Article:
Christophe Delcourt’s new furniture for Avenue Road puts wood front and centre

Christophe Delcourt's ‘Woodlane’ furniture collection, staged at Avenue Road’s art deco residence in Miami, demonstrates the French designer’s mastery of the natural material

Avenue Road Christophe Delcourt
(Image credit: Eric Petscheck)

French designer Christophe Delcourt was asked to completely rearrange Avenue Road's Miami residence to launch his ‘Woodlane’ collection with the boutique furniture producer. Introducing designs from the new offering but also from his pre-existing catalogue of meticulously crafted high-end furniture to almost every room, Delcourt was able to present a singular vision. 

The organic contours and roughly hewn textures of his sculptural pieces are juxtaposed with the clean lines of Avenue Road’s pristine art deco residence. A keen sense of sophistication and restraint ties the showcase together, providing potential clients with the ability to imagine how these limited-edition furnishings could be placed within their own homes. Such an experiential display makes sense for the niche luxury market that both Avenue Road and Delcourt have long cultivated.

Christophe Delcourt in Miami: Avenue Road takeover

Avenue Road Christophe Delcourt interior with sofas

(Image credit: Eric Petscheck)

This intervention is a testament to Delcourt’s partnership with Avenue Road’s co-founder Stephan Weishaupt, which, dating back 15 years, is almost as old as the company itself. The two have a shared passion for artisanal excellence and quality production. 

'Christophe’s work stands for authenticity, craft, and humility, values that are intrinsic to our brand,' says Weishaupt. 'Celebrating the “Woodlane” exhibition was an opportunity to highlight his work in an immersive way that we haven’t done with any other talents.'

dining room at Avenue Road, with furniture by Christophe Delcourt

(Image credit: Eric Petscheck)

With the designer having curated Avenue Road’s former Miami showroom in the past, this latest collaboration is the first time he’s been given free rein to transform an entire home. 'I had carte blanche over the totality of the space, the totality of the house,' says Delcourt. 'So effectively, it’s a work that shows how the materials, the forms, and colours resonate together.'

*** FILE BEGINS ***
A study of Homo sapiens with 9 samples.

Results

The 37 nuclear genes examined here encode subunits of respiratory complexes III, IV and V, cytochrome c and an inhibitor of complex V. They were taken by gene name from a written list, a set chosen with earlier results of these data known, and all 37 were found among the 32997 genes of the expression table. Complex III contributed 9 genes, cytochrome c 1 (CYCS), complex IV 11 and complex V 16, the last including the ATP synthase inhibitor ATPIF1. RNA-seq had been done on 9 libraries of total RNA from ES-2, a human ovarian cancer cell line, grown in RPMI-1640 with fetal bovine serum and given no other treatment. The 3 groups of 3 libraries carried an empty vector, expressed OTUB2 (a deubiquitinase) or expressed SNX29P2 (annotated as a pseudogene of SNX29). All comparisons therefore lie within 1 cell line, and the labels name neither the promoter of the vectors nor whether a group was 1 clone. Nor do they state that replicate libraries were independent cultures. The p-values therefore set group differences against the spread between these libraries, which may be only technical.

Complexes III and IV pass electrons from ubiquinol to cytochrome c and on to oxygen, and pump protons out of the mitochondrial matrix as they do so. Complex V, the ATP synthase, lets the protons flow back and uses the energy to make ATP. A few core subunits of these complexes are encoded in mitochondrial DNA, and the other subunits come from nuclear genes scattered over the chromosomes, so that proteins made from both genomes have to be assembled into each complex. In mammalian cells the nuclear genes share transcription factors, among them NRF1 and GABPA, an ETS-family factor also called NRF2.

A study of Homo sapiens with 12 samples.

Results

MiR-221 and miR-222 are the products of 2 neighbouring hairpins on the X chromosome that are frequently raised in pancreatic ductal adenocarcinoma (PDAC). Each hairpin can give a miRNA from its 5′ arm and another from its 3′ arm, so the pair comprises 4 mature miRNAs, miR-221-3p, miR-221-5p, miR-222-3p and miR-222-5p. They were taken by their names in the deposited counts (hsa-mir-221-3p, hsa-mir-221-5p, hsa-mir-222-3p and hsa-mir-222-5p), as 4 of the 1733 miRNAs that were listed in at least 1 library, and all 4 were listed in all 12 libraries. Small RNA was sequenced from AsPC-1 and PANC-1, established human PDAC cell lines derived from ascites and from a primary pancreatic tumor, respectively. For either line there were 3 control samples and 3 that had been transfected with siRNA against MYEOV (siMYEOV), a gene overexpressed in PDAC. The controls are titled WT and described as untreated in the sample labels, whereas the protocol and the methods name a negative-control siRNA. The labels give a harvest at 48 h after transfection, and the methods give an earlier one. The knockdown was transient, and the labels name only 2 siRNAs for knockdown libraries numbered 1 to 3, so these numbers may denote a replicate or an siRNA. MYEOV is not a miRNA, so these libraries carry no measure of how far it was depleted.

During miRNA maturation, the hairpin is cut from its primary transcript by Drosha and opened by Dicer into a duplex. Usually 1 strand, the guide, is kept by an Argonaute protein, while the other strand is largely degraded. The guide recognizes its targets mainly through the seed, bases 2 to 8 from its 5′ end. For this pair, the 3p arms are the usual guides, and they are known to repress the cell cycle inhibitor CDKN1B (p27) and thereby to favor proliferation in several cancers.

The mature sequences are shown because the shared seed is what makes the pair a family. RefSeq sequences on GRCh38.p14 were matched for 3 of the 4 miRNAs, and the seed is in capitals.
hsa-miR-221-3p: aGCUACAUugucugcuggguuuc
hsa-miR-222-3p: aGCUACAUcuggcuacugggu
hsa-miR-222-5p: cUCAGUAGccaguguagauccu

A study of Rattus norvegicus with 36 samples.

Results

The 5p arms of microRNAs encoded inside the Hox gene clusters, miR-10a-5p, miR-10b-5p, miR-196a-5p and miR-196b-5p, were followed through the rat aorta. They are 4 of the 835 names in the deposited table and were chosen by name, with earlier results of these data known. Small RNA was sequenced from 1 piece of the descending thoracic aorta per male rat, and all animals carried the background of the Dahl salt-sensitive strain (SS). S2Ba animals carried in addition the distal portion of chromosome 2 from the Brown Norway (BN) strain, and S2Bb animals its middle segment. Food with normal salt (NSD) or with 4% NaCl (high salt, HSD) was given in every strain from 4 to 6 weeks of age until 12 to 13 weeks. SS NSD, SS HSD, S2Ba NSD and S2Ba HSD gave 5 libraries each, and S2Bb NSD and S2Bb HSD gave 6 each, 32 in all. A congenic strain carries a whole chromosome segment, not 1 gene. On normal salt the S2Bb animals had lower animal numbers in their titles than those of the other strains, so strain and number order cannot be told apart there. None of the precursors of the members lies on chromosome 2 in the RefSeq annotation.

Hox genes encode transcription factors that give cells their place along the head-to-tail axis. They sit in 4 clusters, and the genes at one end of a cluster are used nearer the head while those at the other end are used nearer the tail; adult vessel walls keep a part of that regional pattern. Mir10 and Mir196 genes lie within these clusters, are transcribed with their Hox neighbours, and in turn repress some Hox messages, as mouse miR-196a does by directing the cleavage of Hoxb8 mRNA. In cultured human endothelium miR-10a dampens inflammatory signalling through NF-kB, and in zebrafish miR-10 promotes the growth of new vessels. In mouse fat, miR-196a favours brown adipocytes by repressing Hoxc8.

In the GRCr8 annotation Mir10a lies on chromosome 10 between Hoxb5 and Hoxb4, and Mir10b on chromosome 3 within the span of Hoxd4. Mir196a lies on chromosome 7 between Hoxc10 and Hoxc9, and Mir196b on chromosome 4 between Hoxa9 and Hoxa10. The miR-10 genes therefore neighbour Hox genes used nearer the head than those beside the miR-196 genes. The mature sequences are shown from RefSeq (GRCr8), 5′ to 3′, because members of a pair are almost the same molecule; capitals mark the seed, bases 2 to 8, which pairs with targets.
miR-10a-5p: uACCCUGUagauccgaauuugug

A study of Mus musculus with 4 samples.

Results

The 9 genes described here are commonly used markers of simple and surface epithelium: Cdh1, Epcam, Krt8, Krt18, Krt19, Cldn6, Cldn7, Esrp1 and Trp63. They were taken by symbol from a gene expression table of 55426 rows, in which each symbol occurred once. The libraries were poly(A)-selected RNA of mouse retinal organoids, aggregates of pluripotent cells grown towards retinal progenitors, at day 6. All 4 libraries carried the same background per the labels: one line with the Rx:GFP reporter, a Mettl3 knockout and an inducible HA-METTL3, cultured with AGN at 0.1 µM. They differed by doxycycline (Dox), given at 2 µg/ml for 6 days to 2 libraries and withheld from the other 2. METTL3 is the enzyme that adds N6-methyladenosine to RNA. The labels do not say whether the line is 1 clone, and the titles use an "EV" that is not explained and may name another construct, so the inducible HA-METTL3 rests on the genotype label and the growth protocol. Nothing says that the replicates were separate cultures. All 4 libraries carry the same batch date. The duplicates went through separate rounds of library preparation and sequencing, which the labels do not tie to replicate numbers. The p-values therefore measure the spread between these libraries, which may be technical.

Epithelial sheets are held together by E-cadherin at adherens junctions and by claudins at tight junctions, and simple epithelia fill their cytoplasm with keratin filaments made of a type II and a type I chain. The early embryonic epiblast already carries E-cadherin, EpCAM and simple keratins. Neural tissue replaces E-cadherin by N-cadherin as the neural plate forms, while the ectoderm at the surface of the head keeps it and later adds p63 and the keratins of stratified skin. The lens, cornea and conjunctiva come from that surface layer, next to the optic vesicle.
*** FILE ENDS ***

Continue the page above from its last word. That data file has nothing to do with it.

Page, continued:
For this showcase, he also selected complementary lighting, accessories, and even artworks from Avenue Road’s full product range and Weishaupt's own collection.

Console and shelves

(Image credit: Eric Petscheck)

Comprising sofas, tables, chairs, and credenzas, the “Woodlane” series marks an evolution in Delcourt's three decades of practice and career-defying use of wood. Demonstrating a freer approach to form than in his previous 200 or so designs, the new pieces are more rounded and holistic. The ‘NIN‘ table incorporates a base inspired by the growth structure of tree trunks. 'It’s an homage to these essential plants,' Delcourt explains. 'There’s only so much you can do with a tabletop, and so the base provides a lot more to play and experiment with.'

Living space with Christophe Delcourt furniture

(Image credit: Eric Petscheck)

Reflecting his undying commitment to only using solid woods responsibly sourced from French forests, the pieces also demonstrate the best in French craftsmanship. On view in the home’s dining room, the ‘AFA’ console demonstrates vastly different ways of treating a single type of wood, in this case oak. While the top of the cabinet features a smooth, gouged-brushed surface, other components have been embellished with a hand-chiselled pattern. ‘In 2023, Christophe is still able to elevate a material that is otherwise perceived as common to one that is precious,' Weishaupt notes.

bed and side table

(Image credit: Eric Petscheck)

Delcourt’s aim has always been to create furniture that’s a hit today and an heirloom tomorrow. Though his aesthetic has changed over time, his cumulative offering of older and more recently introduced furnishings can be mixed and matched. With a decades-old kitchen table on full display within Avenue Road’s Miami residence, this approach seems to work.

The designer is less concerned with trends and only introduces new concepts or removes old designs from his catalogue when it feels right. Central to his work is the idea that well-made furniture can withstand the test of time and eventually get passed down, which is perhaps the more sustainable type of sustainability.